The Lifecycle of an Aurelia Custom Element

I’ve been working with Aurelia pretty well recently, but I came across a problem early on. I had some code within my navigation bar (which is a custom element) and I wanted to manipulate the DOM on startup so that my initial state was correct. So, here was my code:

import {Authenticator} from "../lib/Authenticator";

export class NavBar {
    public constructor() {
        this.setIcon(Authenticator.isAuthenticated());
    }

    public setIcon(isAuthenticated: boolean): void {
        let appToolbar = document.getElementById("appToolbar");
        let elements = document.querySelectorAll(".sign-in,.sign-out");
        // Do something with the elements list
    }
}

This is pretty simple. My Authenticator object has a static method that returns true or false depending on if I am authenticated or not. It doesn’t work. I get an exception in the Javascript console at the highlighted line. The problem is that the DOM isn’t ready when the object is instantiated.

So, how do we fix this? Well, we need to know a little bit about the underlying code and the lifecycle functions that Aurelia uses on custom elements. Firstly, let’s do a little experiment. I replaced the code above with this:

import {Authenticator} from "../lib/Authenticator";

export class NavBar {
    public constructor() {
        //this.setIcon(Authenticator.isAuthenticated());
    }

    public attached() {
        this.checkit("attached");
    }

    public activated() {
        this.checkit("activated");
    }

    public created() {
        this.checkit("created");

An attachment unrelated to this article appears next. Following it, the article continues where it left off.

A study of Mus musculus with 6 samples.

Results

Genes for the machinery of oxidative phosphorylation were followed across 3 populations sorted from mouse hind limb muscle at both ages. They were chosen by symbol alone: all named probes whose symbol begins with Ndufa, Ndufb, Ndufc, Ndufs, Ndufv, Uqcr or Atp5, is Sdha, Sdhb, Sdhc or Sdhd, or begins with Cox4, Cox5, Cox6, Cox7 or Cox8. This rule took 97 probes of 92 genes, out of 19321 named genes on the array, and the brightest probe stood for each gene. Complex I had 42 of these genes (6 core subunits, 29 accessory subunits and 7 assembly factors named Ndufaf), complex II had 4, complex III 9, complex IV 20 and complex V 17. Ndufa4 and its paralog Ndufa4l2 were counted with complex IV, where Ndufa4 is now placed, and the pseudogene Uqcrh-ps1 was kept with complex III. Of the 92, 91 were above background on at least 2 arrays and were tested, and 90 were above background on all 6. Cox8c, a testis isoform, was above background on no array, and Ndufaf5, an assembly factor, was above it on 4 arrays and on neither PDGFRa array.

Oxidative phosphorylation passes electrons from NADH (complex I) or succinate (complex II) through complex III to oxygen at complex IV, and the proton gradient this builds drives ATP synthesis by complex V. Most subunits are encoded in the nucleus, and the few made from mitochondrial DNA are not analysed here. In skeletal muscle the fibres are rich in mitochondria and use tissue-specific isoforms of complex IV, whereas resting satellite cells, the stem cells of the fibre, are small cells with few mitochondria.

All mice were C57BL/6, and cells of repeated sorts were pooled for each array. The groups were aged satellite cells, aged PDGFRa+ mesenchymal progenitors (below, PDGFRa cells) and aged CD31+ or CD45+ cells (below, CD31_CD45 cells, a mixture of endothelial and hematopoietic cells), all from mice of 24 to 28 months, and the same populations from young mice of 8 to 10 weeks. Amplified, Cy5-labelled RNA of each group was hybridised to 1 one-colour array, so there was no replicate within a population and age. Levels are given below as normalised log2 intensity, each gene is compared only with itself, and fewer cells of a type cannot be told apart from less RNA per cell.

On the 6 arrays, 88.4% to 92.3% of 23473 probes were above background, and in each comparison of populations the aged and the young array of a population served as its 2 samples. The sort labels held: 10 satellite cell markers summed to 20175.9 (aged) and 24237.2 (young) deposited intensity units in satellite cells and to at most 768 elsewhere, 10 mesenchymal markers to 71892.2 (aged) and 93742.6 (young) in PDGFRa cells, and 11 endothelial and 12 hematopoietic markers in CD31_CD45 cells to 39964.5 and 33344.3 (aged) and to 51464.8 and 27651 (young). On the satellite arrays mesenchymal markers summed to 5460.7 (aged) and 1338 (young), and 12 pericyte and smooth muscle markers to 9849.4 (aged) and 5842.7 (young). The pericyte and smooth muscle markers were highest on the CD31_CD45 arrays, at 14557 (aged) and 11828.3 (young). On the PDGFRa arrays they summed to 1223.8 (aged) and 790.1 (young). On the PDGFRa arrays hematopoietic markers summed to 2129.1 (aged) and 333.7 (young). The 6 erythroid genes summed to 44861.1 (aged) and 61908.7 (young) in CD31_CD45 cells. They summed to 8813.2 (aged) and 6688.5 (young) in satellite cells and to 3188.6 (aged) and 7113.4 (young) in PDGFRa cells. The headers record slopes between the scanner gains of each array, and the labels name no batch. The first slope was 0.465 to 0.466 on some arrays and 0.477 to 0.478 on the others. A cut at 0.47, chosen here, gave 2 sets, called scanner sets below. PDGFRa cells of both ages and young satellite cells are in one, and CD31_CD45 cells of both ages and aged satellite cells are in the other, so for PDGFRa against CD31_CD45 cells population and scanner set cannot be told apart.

}

    public activate() {
        this.checkit("activate");
    }

    public canActivate() {
        this.checkit("canActivate");
    }

    public checkit(fn: string) {
        let appToolbar = document.getElementById("appToolbar");
        console.log("[NavBar] %s %o", fn, appToolbar);
    }

    public setIcon(isAuthenticated: boolean): void {
        let appToolbar = document.getElementById("appToolbar");
        let elements = document.querySelectorAll(".sign-in,.sign-out");
        // Do something with the elements list
    }
}

I basically guessed at the lifecycle functions on the initialization side of the fence. Each one calls checkit that then checks whether the DOM is ready (as referenced by looking for an element inside the DOM of the custom element) and then prints out the method that was called and the result of the check. Since I am printing the object, I can expand the object within the console and see what else is there. Here is what I got:

blog-0717-1

Note the highlighted lines. Aurelia calls created() first, but the DOM is not available at this point. It calls attached() next and then the DOM is ready – we have a DOM element as a result of our query.

It turns out I am not the only one here. There is a bug against the documentation asking that this be included in the documentation. But it begs the question – what other lifecycle methods do I have access to? The custom elements in Aurelia are based on Web Components (see an introduction here). the webcomponents.js polyfill has four lifecycle callbacks:

  1. createdCallback
  2. attachedCallback
  3. detachedCallback
  4. attributeChangedCallback

The createdCallback will call create(); the attachedCallback will call attached(). I’m guessing the detachedCallback calls detached() but I don’t have any documentation for that. The attributeChangedCallback is handled differently. When an attribute changes, a specific method for the attribute is called.

As a result of this investigation, I can now re-code my nav-bar.ts as follows:

import {Authenticator} from "../lib/Authenticator";

export class NavBar {
    public attached() {
        this.setIcon(Authenticator.isAuthenticated());
    }

    public setIcon(isAuthenticated: boolean): void {
        let appToolbar = document.getElementById("appToolbar");
        let elements = document.querySelectorAll(".sign-in,.sign-out");
        // Do something with the elements list
    }
}

Just remember – if you want to modify the DOM in your custom element, do it in the attached() method of your custom element class.